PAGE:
Imagine a situation when you currently can practice organ for several hours a day but in the future you might have a change in your life either because of the birth of the baby or an illness of the family member or some other reason. Will this change mean the end of your organ practice?
The baby will change everything for the parents. That's normal. It would be selfish to let the spouse raise the child while you play the organ for long hours. However, in the long run it's crucial for both of the parents (and for the baby) to keep up personal interests and hobbies alive even for 10-20 minutes a day. You can of course take turns attending the baby.
If organ playing is your hobby, this well might mean you keep continue playing the organ. This activity will help re-charge both of you when you feel exhausted, when your energy level is down, when your spirits are low.
To help you see why it's important to continue your organ playing journey (if it's important to you in the first place), let's take an example of another sphere in live - piloting the plane.
When the plane flies from place A to place B and there is a high turbulence and a storm coming in front of the plane, the pilot normally wouldn't turn around the plane and stop the flight. No, the pilot would re-adjust the course, maybe turning left or right which would eventually allow the plane to reach it's destination by another route.
Sometimes the plane has to land to place C and wait there for better weather conditions. Then the trip will last longer but the plane will arrive to its destination nonetheless.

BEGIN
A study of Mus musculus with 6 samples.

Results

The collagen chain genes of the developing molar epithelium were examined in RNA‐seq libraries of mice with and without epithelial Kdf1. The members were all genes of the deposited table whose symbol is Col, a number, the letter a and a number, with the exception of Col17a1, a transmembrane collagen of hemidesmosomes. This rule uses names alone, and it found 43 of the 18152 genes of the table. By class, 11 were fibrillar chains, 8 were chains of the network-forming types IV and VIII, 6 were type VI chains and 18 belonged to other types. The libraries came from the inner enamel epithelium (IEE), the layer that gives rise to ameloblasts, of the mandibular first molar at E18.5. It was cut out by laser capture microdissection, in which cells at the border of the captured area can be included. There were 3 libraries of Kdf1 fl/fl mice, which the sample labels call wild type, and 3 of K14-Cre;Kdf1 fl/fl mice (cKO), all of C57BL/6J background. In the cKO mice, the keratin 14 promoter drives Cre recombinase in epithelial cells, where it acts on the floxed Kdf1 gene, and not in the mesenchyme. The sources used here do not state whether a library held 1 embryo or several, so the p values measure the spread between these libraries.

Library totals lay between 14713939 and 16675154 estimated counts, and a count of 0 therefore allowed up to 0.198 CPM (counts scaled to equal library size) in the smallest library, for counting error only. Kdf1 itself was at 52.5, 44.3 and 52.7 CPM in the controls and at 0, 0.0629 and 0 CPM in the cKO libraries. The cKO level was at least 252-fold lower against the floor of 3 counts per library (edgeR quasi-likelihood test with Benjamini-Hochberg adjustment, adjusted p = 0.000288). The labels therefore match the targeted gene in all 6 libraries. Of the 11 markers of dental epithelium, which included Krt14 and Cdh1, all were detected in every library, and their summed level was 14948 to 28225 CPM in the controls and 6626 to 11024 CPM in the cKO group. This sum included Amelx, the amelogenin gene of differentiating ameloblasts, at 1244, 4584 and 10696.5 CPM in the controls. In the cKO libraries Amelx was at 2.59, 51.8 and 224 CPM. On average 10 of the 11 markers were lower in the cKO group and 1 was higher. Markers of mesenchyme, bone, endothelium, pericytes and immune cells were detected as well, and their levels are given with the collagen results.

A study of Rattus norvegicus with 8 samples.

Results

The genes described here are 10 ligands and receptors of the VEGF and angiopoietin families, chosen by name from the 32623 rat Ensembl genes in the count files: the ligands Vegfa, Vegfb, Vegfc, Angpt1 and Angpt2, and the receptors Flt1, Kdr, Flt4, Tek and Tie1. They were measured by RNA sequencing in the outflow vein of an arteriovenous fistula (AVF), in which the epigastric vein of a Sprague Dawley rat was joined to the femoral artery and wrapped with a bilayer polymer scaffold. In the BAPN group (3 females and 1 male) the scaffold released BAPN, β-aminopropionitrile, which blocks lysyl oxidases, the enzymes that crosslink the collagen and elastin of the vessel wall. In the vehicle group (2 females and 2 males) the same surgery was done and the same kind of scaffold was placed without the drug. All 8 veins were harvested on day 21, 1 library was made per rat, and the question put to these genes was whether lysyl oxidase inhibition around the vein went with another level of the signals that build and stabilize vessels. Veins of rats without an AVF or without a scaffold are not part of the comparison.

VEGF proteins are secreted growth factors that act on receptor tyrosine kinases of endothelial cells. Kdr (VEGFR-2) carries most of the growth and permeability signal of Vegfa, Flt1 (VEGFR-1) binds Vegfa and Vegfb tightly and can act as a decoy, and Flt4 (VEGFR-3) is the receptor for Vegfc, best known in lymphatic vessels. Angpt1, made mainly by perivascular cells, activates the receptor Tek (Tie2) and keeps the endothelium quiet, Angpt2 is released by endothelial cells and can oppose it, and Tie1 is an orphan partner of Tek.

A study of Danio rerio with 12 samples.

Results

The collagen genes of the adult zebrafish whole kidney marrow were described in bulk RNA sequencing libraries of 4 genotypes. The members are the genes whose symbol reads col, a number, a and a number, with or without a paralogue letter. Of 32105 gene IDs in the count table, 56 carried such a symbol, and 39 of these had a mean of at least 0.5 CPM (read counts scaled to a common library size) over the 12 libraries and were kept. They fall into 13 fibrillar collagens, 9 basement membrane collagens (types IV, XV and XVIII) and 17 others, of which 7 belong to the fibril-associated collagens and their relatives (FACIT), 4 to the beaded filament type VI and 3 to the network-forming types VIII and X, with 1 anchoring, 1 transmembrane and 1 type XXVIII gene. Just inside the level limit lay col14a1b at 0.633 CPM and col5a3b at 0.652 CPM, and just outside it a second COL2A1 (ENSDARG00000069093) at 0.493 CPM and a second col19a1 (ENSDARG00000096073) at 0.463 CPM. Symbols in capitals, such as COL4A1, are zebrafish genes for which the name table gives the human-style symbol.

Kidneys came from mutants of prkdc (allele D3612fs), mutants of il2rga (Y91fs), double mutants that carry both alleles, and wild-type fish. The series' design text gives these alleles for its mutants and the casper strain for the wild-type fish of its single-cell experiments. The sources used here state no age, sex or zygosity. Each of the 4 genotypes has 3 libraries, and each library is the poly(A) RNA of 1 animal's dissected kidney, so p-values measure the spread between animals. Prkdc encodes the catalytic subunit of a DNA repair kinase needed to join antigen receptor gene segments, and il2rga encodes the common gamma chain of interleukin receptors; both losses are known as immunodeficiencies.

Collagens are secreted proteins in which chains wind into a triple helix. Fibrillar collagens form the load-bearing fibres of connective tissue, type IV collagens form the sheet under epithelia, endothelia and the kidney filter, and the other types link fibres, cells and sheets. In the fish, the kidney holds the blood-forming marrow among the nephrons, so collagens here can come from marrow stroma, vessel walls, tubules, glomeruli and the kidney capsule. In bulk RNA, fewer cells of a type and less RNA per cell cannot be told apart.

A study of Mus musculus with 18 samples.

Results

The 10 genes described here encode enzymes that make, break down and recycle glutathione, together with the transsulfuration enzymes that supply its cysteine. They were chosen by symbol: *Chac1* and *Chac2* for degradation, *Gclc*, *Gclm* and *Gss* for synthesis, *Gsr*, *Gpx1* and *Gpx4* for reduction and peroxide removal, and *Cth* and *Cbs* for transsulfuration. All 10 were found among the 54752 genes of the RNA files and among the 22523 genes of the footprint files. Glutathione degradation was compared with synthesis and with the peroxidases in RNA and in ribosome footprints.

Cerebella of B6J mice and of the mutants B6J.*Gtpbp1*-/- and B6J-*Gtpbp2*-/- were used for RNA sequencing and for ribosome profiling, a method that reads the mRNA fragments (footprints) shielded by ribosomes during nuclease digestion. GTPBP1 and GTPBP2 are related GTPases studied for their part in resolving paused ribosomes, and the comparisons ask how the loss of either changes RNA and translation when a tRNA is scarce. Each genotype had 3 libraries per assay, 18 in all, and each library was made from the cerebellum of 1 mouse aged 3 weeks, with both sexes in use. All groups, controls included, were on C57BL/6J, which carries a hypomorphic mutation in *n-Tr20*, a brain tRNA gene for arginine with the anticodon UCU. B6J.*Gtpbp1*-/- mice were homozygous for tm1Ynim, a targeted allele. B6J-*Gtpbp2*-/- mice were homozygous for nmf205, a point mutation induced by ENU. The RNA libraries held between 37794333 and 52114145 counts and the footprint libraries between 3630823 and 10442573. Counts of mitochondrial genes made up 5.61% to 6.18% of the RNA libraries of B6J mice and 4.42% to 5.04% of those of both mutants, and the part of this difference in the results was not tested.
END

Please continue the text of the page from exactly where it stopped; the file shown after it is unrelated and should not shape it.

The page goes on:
Here it's important to point out that sometimes the pilot doesn't fly at all. The pilot waits on the ground for better conditions to fly.
The same is in live. When life gives us expected or not expected challenges, we can re-adjust our efforts, re-adjust our schedule, re-adjust our priorities. But if your goal is eventually master some aspect of organ playing, you can do little things that matter most in the long run - short daily practices of 10-20 minutes of duration.
If you take a table spoon and try to dig a tunnel for 10-20 minutes a day - in 5-10 years you will move a small mountain this way.
Having goals and the purpose are very important here. Without them it is impossible keep going in baby steps and eventually to reach your destination.
Besides, keeping up the hobbies of both of the parents will be very beneficial to their baby, too (in the long run). This is because he/she can follow in the parent's footsteps. Also seeing that one of the parents is practicing something, this will teach the baby something about the value of waiting, the value of effort, the value of commitment, the value of delayed gratification.
People who grow up as selfish human beings sometimes saw the unconditional attention of their parents in the past, acting as servants. They expect that others will be servants to their needs and wants later in life, too. That's why it's important you also have your own time, too. By the way, this will only make your family bonds stronger.
Yes, this would probably mean you should practice at home more than at church.
This could also mean, you might practice more away from the instrument - on the table or even while lying in bed with your body still and your eyes shut (I once prepared for an entire recital this way). This could also mean you will value your available time so much more than before and accomplish things faster.
Don't turn around your plane. Adjust the course.
[Thanks to John for inspiration]
Download paper manuals and pedals, print them out, cut the white spaces, tape the sheets together and you'll be ready to practice anywhere where is a desk and floor. Make sure you have a higher chair.